April 4, 2011
In response to the idiotic and pointless burning of the Koran by a Florida pastor and the deadly riots that followed in Afghanistan, Sen. Lindsey Graham of South Carolina has proposed limiting the First Amendment.
“I wish we could find a way to hold people accountable. Free speech is a great idea, but we’re in a war,” Graham told CBS’ Bob Schieffer on Sunday.
Graham mentioned government censorship of the First Amendment during the Second World War. FDR signed Executive Order 8985 in December of 1941 and established the Office of Censorship. The order gave a legion of bureaucrats “absolute discretion” over the exercise of the First Amendment and the free speech of all Americans.
In the years following FDR’s decree, the government attempted to squelch free speech a number of times for political reasons, most notably in regard to the Pentagon Papers. During Bush Senior’s invasion of Iraq in 1991, the Pentagon revisited wartime censorship and prevented journalists from independently reporting the news. Bush and Reagan tightly controlled the flow of information during the invasions of Panama and Grenada.
In 2004, then vice president Dick Cheney outlined what Americans should expect henceforth – a war against shadowy enemies that will last generations.
President Bush went so far as to tell NBC’s Matt Lauer it was possible the war could never be won, while Democrat John Kerry said terror would probably never be done away with, but that it might be reduced to a “nuisance.”
Graham reminded us that our rulers have in mind a forever war not unlike the one envisioned by Joe Haldeman in his Hugo-winning 1976 novel by the same name. It is said Haldeman wrote the science fiction novel in part as an antiwar response to Robert Heinlein’s fascistic Starship Troopers. Haldeman served in Vietnam.
It seems Graham and his neocon fellow travelers are in agreement with Heinlein’s premise in the novel that social responsibility requires being prepared to make individual sacrifice, especially when humanity is engaged in a never-ending “Bug War.” A character in the novel, Colonel Dubois, specifically criticizes the Declaration of Independence as naïve and unrealistic.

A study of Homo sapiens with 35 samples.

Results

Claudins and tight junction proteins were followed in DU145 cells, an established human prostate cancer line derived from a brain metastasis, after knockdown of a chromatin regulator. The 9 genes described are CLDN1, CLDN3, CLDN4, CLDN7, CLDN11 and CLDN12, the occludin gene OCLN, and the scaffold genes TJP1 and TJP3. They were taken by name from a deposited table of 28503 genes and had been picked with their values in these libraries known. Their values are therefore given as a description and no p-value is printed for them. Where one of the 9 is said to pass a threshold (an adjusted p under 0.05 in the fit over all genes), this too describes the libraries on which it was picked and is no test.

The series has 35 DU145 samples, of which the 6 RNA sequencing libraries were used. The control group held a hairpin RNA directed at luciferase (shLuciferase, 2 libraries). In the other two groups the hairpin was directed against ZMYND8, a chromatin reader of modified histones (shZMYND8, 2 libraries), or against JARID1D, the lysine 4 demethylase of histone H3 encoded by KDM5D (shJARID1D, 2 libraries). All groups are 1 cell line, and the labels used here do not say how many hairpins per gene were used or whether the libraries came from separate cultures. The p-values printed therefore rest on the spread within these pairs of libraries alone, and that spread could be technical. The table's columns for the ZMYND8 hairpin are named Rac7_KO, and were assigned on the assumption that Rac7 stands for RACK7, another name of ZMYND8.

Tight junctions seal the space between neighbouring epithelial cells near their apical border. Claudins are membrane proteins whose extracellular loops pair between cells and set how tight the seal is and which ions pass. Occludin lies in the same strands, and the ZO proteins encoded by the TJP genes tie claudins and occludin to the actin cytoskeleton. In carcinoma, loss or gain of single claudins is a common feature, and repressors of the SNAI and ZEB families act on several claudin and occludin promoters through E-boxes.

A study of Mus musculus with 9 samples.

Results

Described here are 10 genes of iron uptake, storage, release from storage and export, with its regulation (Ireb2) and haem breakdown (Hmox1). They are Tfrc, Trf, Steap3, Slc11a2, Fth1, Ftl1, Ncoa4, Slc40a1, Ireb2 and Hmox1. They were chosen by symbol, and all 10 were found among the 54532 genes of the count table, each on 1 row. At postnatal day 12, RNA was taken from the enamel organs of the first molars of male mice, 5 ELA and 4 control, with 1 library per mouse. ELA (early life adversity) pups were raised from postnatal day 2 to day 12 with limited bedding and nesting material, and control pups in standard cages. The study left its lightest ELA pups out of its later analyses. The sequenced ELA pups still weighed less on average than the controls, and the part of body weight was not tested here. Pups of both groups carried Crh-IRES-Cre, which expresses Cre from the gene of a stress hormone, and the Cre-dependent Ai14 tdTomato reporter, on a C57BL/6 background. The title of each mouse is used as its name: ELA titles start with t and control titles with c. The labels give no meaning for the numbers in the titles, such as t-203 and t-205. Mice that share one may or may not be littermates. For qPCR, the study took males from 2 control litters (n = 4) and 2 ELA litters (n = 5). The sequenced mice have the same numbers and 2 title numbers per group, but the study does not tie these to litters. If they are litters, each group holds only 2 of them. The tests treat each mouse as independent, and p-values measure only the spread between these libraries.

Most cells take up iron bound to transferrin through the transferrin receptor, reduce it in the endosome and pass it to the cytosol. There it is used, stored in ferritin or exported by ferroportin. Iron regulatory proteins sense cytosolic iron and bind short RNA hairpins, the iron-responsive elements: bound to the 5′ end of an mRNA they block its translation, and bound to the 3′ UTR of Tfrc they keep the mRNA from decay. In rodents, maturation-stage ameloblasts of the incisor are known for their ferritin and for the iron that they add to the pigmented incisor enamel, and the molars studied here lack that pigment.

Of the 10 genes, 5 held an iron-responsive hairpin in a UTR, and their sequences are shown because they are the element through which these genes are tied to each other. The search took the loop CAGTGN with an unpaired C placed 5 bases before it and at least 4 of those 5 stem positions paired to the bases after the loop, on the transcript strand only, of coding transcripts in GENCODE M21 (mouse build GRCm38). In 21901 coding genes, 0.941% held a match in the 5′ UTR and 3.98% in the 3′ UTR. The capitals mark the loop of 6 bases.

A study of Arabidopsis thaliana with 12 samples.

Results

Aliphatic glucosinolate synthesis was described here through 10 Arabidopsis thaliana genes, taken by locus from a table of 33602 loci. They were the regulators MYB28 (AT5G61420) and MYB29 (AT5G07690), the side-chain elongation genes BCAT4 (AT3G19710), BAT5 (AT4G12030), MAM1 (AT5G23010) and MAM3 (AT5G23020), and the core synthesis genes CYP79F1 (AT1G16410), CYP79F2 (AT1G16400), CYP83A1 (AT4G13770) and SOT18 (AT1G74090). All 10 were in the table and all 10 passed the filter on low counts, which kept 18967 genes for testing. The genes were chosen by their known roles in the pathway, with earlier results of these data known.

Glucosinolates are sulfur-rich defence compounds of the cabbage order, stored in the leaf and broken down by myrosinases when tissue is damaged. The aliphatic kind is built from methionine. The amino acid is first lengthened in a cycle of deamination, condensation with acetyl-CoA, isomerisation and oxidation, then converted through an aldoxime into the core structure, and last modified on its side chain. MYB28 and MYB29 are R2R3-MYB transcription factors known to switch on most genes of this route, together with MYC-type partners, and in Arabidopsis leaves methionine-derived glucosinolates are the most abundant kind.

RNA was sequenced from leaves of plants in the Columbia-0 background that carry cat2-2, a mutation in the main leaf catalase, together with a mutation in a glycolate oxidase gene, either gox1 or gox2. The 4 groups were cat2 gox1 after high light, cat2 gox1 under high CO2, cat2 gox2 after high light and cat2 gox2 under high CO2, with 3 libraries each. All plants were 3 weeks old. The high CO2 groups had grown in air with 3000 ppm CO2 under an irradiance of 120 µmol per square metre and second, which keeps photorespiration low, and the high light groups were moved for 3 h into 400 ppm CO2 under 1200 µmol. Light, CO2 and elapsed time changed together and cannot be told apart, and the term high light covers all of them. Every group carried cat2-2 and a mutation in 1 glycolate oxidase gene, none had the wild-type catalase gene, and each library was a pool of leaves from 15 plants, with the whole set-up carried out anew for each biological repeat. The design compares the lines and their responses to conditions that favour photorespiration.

According to neocon globalist faction, our once proud heritage of liberty and its reflection in the Bill of Rights has “no contemporary relevance,” as Georgetown University law professor Randy Barnett noted in 2007. “Sure it was fine that persons should be secure in their papers and effects back in the old days when there wasn’t a danger of terrorism and mass murder,” said the professor in regard to the Fourth Amendment. It is “archaic [and] we don’t need it anymore.” Strangely, Mr. Barnett is considered a libertarian.
A d v e r t i s e m e n t
Sen. Lindsey Graham’s cavalier attitude regrading the First Amendment and its imagined subservience to the dictates of an undeclared war against enemies largely manufactured by government is once in vogue now that a Democrat president has attacked yet another faction of officially designated Muslim enemies.
Installed puppet Hamid Karzai – a former advisor for the transnational Unocal – has demanded our representatives draft a resolution condemning the free speech of Florida pastor Terry Jones, who unwisely burned the Koran in order to make a political statement.
The First Amendment was drafted specifically to protect political speech. The cherished idea of true sovereigns free to speak their minds, however, soon withered under attack – beginning with the Alien and Sedition Acts passed in 1798 by the Federalists – and has continued on and off until this day.
“Ten to 20 people have been killed,” said Senate Majority Leader Harry Reid. “We’ll take a look at this of course. As to whether we need hearings or not, I don’t know.”
It is wholly predictable that the government will spend its time and our money – or the money they borrow – to condemn an individual who has managed to offend the medieval religious sensibilities of people who kill Christians and burn churches. Seven UN workers in the Afghan town of Mazar-e Sharif died Friday during riots. Mr. Jones may have outraged millions of people, but he did not kill anybody.
Congress has yet to condemn Muslims in Afghanistan who have burned the U.S. flag and torched an effigy of Obama. According to MSNBC’s Chuck Todd, who filled in for Chris Matthews the other day, burning the Koran is far worse than burning the U.S. flag.
Of course, Muslims have all the right in the world to burn the U.S. flag and burn Obama in effigy – so long as they own the flag and the materials they used to patch together Obama’s likeness.
Terry Jones, according to no shortage of Congress critters, does not have this right, even though his country has a Constitution its Congress has sworn to uphold and defend against all enemies, foreign and domestic.